Rosannah Jones

Erasmus students

The introduction of the new Erasmus+ exchange programme has yet to demonstrate its potential as increased delays, poor communication and changing Glasgow University partnership agreements has led to frustration among students.

On January 1, the new Erasmus+ programme replaced the previous system with promises that the larger €14.7 billion budget provided by the EU over the next six years would see a greater number of students benefitting from the opportunity to go on exchange. The new programme, which is being managed in the UK by the British Council, claims to be geared towards increasing the social mobility of students involved in the scheme.

The British Council website states that: “Almost five million people across Europe will benefit between 2014 and 2020 – doubling the numbers who currently receive these opportunities.”

However, the arrival of Erasmus+ has been largely unwelcomed by the potential exchange students across Glasgow University who have encountered more complications with the programme than in previous years.

For many second year students at the University looking to go on an Erasmus exchange, the only information available up until February – when deadlines for applications were looming – was outdated and misleading. The University’s Erasmus office announced at the Study Abroad fair in October that delays would be likely to occur as a result of Glasgow University having to renew or cancel its agreements with current partner universities in the EU.

The University’s 2014/2015 application guide for outgoing exchange students stated that: “The Erasmus office will be able to provide departments and students with a finalised list of partners for provisional selection and application purposes in early January. All outgoing student mobility will be contingent upon Glasgow’s agreement with their partner of choice being fully renewed and valid in advance of their exchange.”

With little information available, the only option for many interested students was to research previous partner universities in the hope that Glasgow University would continue to have agreements with them. The onus was also on students to frequently check the University’s Erasmus page for updates, with few or no emails being sent to students to announce the new changes and deadlines.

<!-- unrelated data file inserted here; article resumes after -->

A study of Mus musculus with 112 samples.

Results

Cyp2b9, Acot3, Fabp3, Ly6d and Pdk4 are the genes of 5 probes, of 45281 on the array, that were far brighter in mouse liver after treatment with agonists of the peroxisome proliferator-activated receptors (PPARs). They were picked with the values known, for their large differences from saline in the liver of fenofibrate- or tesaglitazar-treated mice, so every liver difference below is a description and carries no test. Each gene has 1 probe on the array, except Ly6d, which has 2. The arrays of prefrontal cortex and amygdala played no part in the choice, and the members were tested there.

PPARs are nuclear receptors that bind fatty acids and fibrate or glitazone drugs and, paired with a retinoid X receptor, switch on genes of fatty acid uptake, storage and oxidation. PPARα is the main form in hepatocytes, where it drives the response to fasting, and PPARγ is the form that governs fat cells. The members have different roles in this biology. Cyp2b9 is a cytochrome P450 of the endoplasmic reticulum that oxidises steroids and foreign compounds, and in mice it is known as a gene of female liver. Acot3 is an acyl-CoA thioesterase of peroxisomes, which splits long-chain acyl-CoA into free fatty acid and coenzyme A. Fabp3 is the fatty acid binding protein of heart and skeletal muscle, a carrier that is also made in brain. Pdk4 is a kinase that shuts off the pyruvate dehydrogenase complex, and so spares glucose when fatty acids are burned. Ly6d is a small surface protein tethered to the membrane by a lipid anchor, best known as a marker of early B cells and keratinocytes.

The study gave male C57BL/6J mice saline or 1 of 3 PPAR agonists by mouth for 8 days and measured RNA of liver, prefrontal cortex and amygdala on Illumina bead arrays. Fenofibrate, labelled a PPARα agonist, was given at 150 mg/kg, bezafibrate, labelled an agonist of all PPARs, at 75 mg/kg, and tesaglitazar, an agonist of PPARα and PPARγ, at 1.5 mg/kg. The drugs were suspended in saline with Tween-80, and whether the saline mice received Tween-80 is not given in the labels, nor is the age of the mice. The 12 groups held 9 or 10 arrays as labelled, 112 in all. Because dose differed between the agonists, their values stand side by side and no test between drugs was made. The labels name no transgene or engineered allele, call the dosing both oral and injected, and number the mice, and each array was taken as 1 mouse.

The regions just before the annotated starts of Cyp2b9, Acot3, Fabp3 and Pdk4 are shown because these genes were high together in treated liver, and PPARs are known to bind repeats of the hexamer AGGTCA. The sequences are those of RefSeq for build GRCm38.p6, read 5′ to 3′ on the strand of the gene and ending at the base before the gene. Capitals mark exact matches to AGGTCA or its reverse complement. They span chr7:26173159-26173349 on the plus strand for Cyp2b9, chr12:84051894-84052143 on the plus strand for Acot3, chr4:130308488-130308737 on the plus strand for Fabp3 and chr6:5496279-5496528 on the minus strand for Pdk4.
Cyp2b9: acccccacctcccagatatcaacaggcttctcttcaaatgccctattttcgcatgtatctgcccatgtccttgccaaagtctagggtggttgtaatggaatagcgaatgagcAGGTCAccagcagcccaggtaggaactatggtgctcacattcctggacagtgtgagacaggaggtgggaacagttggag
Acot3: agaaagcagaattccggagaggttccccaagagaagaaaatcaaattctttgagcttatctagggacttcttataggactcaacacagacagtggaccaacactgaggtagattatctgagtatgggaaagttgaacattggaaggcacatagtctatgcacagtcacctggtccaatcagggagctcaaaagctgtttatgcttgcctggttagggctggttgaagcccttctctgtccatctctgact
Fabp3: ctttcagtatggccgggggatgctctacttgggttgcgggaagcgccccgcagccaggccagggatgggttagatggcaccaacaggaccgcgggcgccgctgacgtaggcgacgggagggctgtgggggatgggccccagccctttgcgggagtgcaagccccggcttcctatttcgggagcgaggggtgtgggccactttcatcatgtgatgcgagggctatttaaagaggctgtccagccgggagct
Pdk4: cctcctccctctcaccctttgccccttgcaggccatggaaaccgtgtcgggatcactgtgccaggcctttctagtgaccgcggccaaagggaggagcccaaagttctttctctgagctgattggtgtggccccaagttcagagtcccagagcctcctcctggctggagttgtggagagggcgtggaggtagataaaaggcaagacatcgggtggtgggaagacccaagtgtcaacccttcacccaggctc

However, with the finalised list of partner universities being announced a month later than anticipated at the beginning of February, and with agreements for the College of Arts still pending until late February, many students struggled to research universities and apply on time.

The University, however, claimed that details of any students missing out on the chance to study abroad have not been brought to its attention. A spokesperson said: “The University has not been made aware of any student having missed out on a placement as a direct result of the implementation of the new Erasmus+ programme.”

While the delays may not have directly cost students the chance to study abroad, the lack of information and updates made it much more difficult for students. For example, politics students hoping to go on Erasmus were only given a ten day window upon finding out the new partner universities in which to research the universities, make a decision and submit their application.

Several students were left many unimpressed and upset at missing out on an exchange opportunity. Second-year History student Suzy Richardson said: “I definitely think it was unfortunate that it was so badly organised and so late as well. It’s a shame for us students. If we had known before Christmas how little choice we would have through Erasmus then I would 100% have put my time into applying internationally with Study Abroad! In that sense I think we have been let down by the delays.”

Erasmus subject co-ordinators had also voiced their concerns about the University’s efforts to confirm partnership agreements and keep students informed. One tutor emailed arts students saying: “Apologies that the University has been so slow in confirming which European partner universities we will have formal agreements with for next session.”

Glasgow University now has over 200 partnerships for the new Erasmus+ programme, but the potential of having so many exchange opportunities in place is not being realised by this year’s would-be exchange students due to the delays in finding out about the partner universities.

The Erasmus+ programme has the aim of enabling students from subjects that have previously been ill-served by the Erasmus programme the chance to go on exchange. However, subjects such as Economics and Law continue to have the most partnerships with many science and arts subjects having only 2-3 partners – many of which require fluency in another language.

A spokesperson for the University of Glasgow told Glasgow Guardian: “The introduction of the new Erasmus+ programme in January 2014 required the formal renegotiation of new agreements with all 350-plus European partners. This entailed a significant amount of process changes, new documentation requirements and the removal of inactive agreements in order to maximise the opportunities available for students.

“The process was carried out in collaboration with Colleges and Schools, with clear deadlines set by the Erasmus team. Students were updated as soon as the Erasmus Exchange team and Colleges/Schools had negotiated the new agreements.

“Students were given as much information as possible at each step of the process, with the University’s website being updated as each step of the process was completed. In addition, the Erasmus Exchange team held regular student meetings and offered drop-in sessions for all students to update and advise them as required.”